Teen Raises Awareness About Heartworm Disease

Wags 4 Hope

Annie Blumenfeld's shaggy dog paintings
Photo courtesy of Annie Blumenfeld
Annie Blumenfeld's favorite subject to paint is her signature "Shaggy Dog."

Starting a nonprofit seemed the natural thing to do for this teen. “Growing up, I’ve always been interested in philanthropy,” Blumenfeld says. “I collect used sports equipment at school to donate and am also very involved in Autism Speaks.” So she launched Wags 4 Hope to help educate pet owners about heartworm disease and the importance of awareness and prevention.

She spreads the word through speaking engagements, social media, her blog and a Wags 4 Hope club she started at her school. The 30 student members help local shelters by volunteering at events, raising money and even making blankets for the shelter dogs. “I’d love to expand Wags 4 Hope to other communities,” Blumenfeld says.

Painting for a Cause

To raise money for area shelters and the Shaggy Dog Rescue, Blumenfeld puts her artistic talents to work by creating whimsical dog paintings and donating proceeds from each sale. She takes custom orders and also donates her signature “Shaggy Dog” paintings to fundraisers. “That’s my favorite dog to draw,” she says. To date, Blumenfeld has raised more than $15,000 through her artwork.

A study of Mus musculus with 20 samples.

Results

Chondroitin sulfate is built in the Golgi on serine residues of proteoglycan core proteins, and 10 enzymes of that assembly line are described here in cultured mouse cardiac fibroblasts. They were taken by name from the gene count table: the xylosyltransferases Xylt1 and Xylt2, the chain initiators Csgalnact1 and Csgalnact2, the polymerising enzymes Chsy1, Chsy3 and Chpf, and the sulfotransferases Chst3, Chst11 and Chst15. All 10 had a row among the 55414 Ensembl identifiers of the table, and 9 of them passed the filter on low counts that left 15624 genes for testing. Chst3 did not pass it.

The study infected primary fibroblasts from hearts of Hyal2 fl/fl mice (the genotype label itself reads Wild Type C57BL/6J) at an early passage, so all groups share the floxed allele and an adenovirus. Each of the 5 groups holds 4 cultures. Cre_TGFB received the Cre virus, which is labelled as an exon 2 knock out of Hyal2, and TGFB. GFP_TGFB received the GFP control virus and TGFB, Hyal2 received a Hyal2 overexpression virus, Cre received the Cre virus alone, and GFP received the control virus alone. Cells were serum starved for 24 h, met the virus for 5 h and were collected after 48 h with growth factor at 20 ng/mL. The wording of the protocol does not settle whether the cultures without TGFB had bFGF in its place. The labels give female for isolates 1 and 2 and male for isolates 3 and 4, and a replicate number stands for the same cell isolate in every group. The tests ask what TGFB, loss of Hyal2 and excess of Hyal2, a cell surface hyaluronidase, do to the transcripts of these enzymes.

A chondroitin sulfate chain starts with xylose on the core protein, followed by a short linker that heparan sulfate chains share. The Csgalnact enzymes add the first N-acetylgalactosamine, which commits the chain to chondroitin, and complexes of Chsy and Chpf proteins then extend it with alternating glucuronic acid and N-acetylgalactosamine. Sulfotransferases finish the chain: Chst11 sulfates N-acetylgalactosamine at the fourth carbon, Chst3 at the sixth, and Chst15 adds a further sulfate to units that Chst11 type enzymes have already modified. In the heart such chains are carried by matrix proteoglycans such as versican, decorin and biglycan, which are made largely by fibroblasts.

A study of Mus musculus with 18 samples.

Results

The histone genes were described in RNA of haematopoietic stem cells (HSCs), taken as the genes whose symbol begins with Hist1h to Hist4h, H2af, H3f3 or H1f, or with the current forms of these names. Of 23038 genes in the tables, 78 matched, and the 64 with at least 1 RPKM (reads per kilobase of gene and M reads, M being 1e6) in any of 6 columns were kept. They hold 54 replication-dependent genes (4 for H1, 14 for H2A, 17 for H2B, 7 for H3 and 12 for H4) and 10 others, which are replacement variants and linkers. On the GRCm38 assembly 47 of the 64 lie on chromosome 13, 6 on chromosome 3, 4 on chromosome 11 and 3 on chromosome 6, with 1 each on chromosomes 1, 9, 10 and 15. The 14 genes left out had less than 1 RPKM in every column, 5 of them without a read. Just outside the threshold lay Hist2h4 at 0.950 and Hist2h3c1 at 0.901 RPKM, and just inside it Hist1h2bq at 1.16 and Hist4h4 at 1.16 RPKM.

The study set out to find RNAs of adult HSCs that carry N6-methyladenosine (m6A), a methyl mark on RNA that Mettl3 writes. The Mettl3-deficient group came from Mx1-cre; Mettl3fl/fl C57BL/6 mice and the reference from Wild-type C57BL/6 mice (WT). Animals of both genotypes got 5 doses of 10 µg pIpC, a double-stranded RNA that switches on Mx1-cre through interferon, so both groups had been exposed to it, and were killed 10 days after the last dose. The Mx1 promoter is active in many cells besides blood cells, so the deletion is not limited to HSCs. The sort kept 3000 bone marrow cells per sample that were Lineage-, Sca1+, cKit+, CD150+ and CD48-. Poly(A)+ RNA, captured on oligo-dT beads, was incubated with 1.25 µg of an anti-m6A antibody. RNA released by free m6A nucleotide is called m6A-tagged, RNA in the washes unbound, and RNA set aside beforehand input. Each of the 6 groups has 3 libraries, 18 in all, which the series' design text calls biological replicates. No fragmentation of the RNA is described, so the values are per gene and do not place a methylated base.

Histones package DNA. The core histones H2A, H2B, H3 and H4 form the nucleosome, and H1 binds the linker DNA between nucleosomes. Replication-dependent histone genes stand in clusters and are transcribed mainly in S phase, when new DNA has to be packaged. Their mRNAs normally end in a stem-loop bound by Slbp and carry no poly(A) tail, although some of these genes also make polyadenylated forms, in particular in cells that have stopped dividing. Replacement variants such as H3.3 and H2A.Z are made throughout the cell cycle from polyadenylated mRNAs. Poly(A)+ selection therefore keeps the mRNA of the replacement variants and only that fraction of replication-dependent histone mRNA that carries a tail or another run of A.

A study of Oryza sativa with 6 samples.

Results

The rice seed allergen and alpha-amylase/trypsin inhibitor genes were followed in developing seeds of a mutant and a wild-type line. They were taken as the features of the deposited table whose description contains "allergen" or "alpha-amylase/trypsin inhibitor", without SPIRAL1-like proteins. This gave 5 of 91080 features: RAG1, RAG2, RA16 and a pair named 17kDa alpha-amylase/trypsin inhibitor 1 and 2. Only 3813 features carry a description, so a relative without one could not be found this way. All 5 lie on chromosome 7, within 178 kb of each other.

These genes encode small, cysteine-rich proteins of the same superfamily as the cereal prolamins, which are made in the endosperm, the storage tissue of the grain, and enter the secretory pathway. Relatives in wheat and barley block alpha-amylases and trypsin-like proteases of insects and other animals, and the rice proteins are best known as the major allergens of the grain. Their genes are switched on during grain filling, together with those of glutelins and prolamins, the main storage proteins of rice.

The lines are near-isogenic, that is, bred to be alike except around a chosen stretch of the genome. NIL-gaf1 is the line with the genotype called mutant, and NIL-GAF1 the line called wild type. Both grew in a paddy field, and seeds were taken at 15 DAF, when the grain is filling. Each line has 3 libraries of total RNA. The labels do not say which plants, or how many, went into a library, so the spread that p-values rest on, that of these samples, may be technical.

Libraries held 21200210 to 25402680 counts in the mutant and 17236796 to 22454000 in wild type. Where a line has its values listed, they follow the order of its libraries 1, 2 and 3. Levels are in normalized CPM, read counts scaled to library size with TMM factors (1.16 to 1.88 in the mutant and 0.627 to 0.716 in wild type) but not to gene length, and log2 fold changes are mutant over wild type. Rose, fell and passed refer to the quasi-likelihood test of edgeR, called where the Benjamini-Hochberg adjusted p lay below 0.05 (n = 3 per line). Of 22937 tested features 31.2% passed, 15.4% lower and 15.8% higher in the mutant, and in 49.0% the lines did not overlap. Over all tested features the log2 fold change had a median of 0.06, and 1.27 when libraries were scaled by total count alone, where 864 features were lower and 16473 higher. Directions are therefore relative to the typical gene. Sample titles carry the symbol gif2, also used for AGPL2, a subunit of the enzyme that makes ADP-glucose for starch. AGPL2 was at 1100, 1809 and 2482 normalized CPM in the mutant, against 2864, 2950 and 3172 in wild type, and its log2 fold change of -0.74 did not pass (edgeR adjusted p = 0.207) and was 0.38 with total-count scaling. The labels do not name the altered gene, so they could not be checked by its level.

Not surprisingly, the passionate 10th-grader is getting a lot of well-deserved accolades for her efforts. The Pet Animal Welfare Society in Norwalk, Conn., named Blumenfeld the PAWS Youth Ambassador. She was also honored by the American Heartworm Society and was named one of five heroes who made a difference in 2013 by Cesar’s Way magazine.

What's Next for This Talented Teen?

Blumenfeld has even taken her mission to her state representative, Tony Hwang, and is working with him on a bill that requires that heartworm prevention materials be given to dog owners when they apply for a Connecticut dog license.

It seems that she’s using all the right avenues to get the word out, so what’s next in Blumenfeld’s plan? “I’m hoping to write a children’s book to educate kids.”

To learn more about preventing heartworm disease in your dog or cat, visit petsandparasites.org, knowheartworms.org or heartwormsociety.org.

More on Vetstreet.com:


Join the Conversation

Like this article? Have a point of view to share? Let us know!